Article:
UW-CTRI has collaborated community groups and organizations throughout Wisconsin to address tobacco disparities. Here are a few examples.
UW-CTRI partnered to help residents in low-income communities of Milwaukee. It was called the ZIP Code Project.
The project hired people from the community to help their neighbors by going door-to-door, by hosting events, and by a variety of other ways to get the word out.
UW-CTRI has also partnered with Milwaukee-area public health advocates from the Wisconsin African American Tobacco Prevention Networks and the Milwaukee Housing Authority to reach out to residents living at HUD-supported housing in Milwaukee. This included education and a survey of how smoke-free housing has changed their lives. They published results.
Other projects include:
The Wisconsin Tobacco Quit Line addresses various tobacco disparities, statewide, free of charge, by being available 24/7 to anyone in Wisconsin at 800-QUIT-NOW. The Quit Line has proven to be an effective way to bring evidence-based tobacco dependence treatment to smokers from disparate programs. More than half of Quit Line callers are under-insured. The Quit Line serves a higher percentage of people from minority communities than are represented in the general Wisconsin population. Since it began in 2001, more than 250,000 Wisconsin smokers have benefited.
UW-CTRI has collaborated with with tribes to conduct research to learn more about commercial tobacco use, how to avoid the harms of commercial use, and how to help tribal members keep traditional tobacco use sacred. The use of commercial tobacco on tribal lands tends to be higher than the general population in America. The Wisconsin Tobacco Quit Line also collaborates with tribes to offer a service dedicated to helping people of American Indian decent to quit commercial use.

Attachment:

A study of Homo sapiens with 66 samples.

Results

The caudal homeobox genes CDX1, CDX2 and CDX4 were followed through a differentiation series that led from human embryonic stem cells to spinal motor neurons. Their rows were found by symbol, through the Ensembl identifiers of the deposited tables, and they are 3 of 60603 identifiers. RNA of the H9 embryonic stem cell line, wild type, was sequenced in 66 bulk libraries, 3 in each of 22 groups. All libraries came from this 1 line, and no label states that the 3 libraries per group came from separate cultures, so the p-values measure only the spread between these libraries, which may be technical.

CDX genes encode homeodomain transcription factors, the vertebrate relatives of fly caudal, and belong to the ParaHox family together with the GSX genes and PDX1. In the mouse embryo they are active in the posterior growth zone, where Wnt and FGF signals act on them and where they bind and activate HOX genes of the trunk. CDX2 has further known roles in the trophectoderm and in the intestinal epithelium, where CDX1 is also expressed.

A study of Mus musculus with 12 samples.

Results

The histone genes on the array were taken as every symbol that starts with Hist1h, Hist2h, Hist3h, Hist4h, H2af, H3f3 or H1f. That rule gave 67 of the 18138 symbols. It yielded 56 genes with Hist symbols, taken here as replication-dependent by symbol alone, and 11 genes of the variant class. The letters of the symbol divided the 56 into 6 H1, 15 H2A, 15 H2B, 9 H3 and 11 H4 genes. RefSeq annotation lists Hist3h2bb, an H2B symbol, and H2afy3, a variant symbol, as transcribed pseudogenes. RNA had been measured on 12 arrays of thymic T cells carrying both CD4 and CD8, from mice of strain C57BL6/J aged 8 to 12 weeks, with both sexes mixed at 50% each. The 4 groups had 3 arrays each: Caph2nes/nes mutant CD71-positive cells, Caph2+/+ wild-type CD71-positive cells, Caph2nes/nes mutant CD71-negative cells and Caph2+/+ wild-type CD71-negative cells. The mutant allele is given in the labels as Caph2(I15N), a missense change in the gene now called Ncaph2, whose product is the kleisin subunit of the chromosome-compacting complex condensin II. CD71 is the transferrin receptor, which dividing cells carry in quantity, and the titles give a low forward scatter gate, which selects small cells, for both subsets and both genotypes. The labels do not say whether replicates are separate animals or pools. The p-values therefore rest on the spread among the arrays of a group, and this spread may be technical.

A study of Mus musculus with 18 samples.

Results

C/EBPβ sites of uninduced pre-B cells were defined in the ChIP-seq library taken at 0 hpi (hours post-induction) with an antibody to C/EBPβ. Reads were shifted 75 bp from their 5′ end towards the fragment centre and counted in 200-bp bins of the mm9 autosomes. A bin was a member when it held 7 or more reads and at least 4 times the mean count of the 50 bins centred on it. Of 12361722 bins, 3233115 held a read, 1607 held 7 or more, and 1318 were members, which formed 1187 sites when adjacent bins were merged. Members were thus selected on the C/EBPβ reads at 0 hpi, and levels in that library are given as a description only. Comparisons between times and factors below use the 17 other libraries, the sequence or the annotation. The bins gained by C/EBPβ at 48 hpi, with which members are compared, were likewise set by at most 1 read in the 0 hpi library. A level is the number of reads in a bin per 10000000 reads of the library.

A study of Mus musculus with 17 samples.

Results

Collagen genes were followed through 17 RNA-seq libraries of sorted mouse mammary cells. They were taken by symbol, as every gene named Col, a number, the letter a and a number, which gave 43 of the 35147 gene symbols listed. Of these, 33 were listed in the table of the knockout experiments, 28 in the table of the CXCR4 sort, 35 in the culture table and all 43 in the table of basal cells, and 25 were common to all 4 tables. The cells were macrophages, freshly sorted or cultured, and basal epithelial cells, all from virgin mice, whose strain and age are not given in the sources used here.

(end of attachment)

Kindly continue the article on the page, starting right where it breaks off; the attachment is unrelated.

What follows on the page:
UW-CTRI partners with First Breath, a program of the Wisconsin Women’s Health Foundation (WWHF) to help pregnant and postpartum women quit smoking. They have also partnered with WWHF for decades to conduct research and outreach to help women who use tobacco and are at risk of tobacco dependence. In one collaboration with WWHF, UW-CTRI published a paper showing how financial incentives helped women to stay smoke-free after child birth.
UW-CTRI has worked for decades to help behavioral health patients, who now smoke nearly half the cigarettes in America. This includes working with behavioral health providers (eg, the Bucket Approach) and interacting with behavioral health patients. UW-CTRI has been collaborating with the Wisconsin Department of Health Services for nearly 15 years on the Wisconsin Nicotine Treatment Integration Project (WiNTiP), which includes not only outreach to behavioral health providers and their clients, but also to policymakers who create the initiatives that supports successful attempts to quit tobacco use. For example, the Governor’s State Council on Alcohol and Other Drug Abuse (SCAODA) voted to adopt a policy that recommends integrating Tobacco Use Disorders into Wisconsin Substance Use Disorder treatment services, and to make it a standard of practice at recovery centers.
UW-CTRI Regional Outreach Specialists also train healthcare providers across the state on how to address all tobacco disparities. The outreach team also works with the leaders of health systems to incorporate systematic changes that ensure all patients are screened for tobacco use and offered the care they need to quit. The UW-CTRI Outreach Program, with primary funding from the Wisconsin Department of Health Services, is charged with bringing effective evidence-based tobacco use treatment to every corner of the state and instituting policies to help people quit. By providing training to healthcare providers, clinics and healthcare delivery systems, UW-CTRI outreach staff enhance the ability of healthcare providers to treat tobacco users from diverse backgrounds successfully. By providing technical assistance to systems and insurers statewide, outreach staff help these organizations implement evidence-based tobacco dependence treatment. This includes working with community health centers.
UW-CTRI has assisted incarcerated individuals to avoid tobacco dependence and to quit. Inmates and parolees smoke at high rates and typically suffer from multiple types of disadvantages. UW-CTRI has partnered with the Wisconsin Department of Corrections to address this issue. UW-CTRI outreach staff have trained prison staff on how to offer tobacco addiction programs so inmates don’t restart smoking once they are paroled. UW-CTRI has conducted research on how to help people who are incarcerated to live tobacco-free. In addition, the Wisconsin Nicotine Treatment Integration Project, which includes UW-CTRI staff, has funded grants to the Chippewa Valley Correctional Facility. See the following video for an example of the successes from this program.